It’s hard not to resent this body. Even while on a long weekend where there’s no pressure at all, I wake up feeling unslept, tender and fragile, muscles hurting in nonsensical places, no discernible pattern or reason behind their niggling and aches.
As the sun peeks through my venetian blinds reminding me that this is the kind of early Spring morning where one should joyfully leap out of bed and embrace life, I squint, eyes crusty and blurry from sleep. I’m trying to slowly stretch and drag this body into the day, wondering why sleep has apparently made just one of my calves tense and knotted, why my mind feels like clag glue when it should feel refreshed, why my arms are so heavy when I have engaged in exactly zilch exertion.
And then there’s just the expanse of it. Having never known what it is like to have a small body, I perhaps feel less repulsion towards it than the disgusted person on the street (I can see you, I can see it in your eyes, and to the 20-somethings at the back of the pack of a cohort of Chinese university tourists on campus the other day — I saw you take a sneaky photo of me and snigger, presumably slagging me off in Mandarin). Even as I read blogs full of body positive messages a decade before such language was Instagram-popular and celebrity-backed, I never loved it but felt some respect for its ability to do what it needed, to take me where I needed to go, and some pride in giving no fucks about where such a body should and could go, or what it should wear. But now there is a frustration in the thwarting of all my efforts to control it, the way it doesn’t seem to adhere to ‘calories in calories out’, the way it might stop me getting things I want (like a child or a partner), the way it lumps and bulges, the way I have to try to reign it in and stop it being so self-destructive with tablets every morning and night, the way I just feel so huge in small spaces, the way I will be going about my day not thinking about it and then catch sight of a reflection that reminds me that everyone else is looking at THIS and not necessarily at me more deeply. The sinking feeling, having watched my mother grapple with low energy for decades, that this illness is biological destiny programmed into each cell.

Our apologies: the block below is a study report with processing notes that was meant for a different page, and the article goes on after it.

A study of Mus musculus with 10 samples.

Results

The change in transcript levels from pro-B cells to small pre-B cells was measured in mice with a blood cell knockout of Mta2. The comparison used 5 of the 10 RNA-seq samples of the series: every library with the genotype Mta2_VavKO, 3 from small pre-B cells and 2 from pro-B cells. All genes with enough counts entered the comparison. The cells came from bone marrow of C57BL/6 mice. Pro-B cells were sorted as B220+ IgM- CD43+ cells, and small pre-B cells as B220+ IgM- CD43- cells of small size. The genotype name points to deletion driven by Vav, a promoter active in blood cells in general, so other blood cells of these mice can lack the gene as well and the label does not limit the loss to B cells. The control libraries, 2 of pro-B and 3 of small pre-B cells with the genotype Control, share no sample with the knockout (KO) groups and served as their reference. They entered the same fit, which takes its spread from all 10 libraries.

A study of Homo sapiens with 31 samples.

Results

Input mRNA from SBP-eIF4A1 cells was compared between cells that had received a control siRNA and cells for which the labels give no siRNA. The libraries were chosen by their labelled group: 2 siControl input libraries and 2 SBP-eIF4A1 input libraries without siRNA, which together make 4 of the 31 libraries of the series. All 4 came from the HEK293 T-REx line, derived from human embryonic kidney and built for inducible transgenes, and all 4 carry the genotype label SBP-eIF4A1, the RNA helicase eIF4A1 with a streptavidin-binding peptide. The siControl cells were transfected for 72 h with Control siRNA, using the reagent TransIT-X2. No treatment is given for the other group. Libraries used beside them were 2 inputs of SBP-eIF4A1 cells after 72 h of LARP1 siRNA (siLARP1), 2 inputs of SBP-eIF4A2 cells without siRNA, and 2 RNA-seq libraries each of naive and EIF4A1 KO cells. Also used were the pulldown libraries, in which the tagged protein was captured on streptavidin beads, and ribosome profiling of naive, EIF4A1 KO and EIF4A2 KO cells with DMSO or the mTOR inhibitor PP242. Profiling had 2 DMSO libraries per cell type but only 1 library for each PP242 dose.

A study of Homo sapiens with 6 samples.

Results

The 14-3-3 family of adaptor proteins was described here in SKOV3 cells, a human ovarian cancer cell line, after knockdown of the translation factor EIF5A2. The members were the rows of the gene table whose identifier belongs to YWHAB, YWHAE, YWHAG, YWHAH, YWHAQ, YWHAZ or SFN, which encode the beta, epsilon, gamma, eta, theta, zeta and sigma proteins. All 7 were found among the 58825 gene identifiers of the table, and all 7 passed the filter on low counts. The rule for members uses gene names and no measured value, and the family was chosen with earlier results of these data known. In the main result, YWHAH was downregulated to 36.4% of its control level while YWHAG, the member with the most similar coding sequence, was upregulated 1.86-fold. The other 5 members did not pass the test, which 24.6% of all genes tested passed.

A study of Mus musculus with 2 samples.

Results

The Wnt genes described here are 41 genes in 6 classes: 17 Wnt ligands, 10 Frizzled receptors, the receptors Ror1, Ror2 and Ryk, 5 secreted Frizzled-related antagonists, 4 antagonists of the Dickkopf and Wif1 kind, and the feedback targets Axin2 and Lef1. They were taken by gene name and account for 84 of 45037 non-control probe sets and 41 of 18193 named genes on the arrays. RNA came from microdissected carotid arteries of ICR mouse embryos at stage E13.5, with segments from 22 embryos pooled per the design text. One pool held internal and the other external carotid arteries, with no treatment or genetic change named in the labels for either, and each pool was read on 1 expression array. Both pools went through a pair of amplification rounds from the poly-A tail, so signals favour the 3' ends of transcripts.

Forcing myself up, grasping for a water bottle and the pills I take to make this body not too dizzy, not too unpredicably bleedy and crampy, not too insulin resistant, not too sad and panicked — it all seems pretty futile. It’s tired and it hurts, and it wants to fall back on the pillows even when I want to try to get some things done. It also doesn’t want to swallow a multivitamin the size of a horse tranquiliser in the hope that might help.
I’ve always battled with my body but now its a day-to-day conflict between it and my spirit, and it is starting to feel more and more that my spirit is losing out.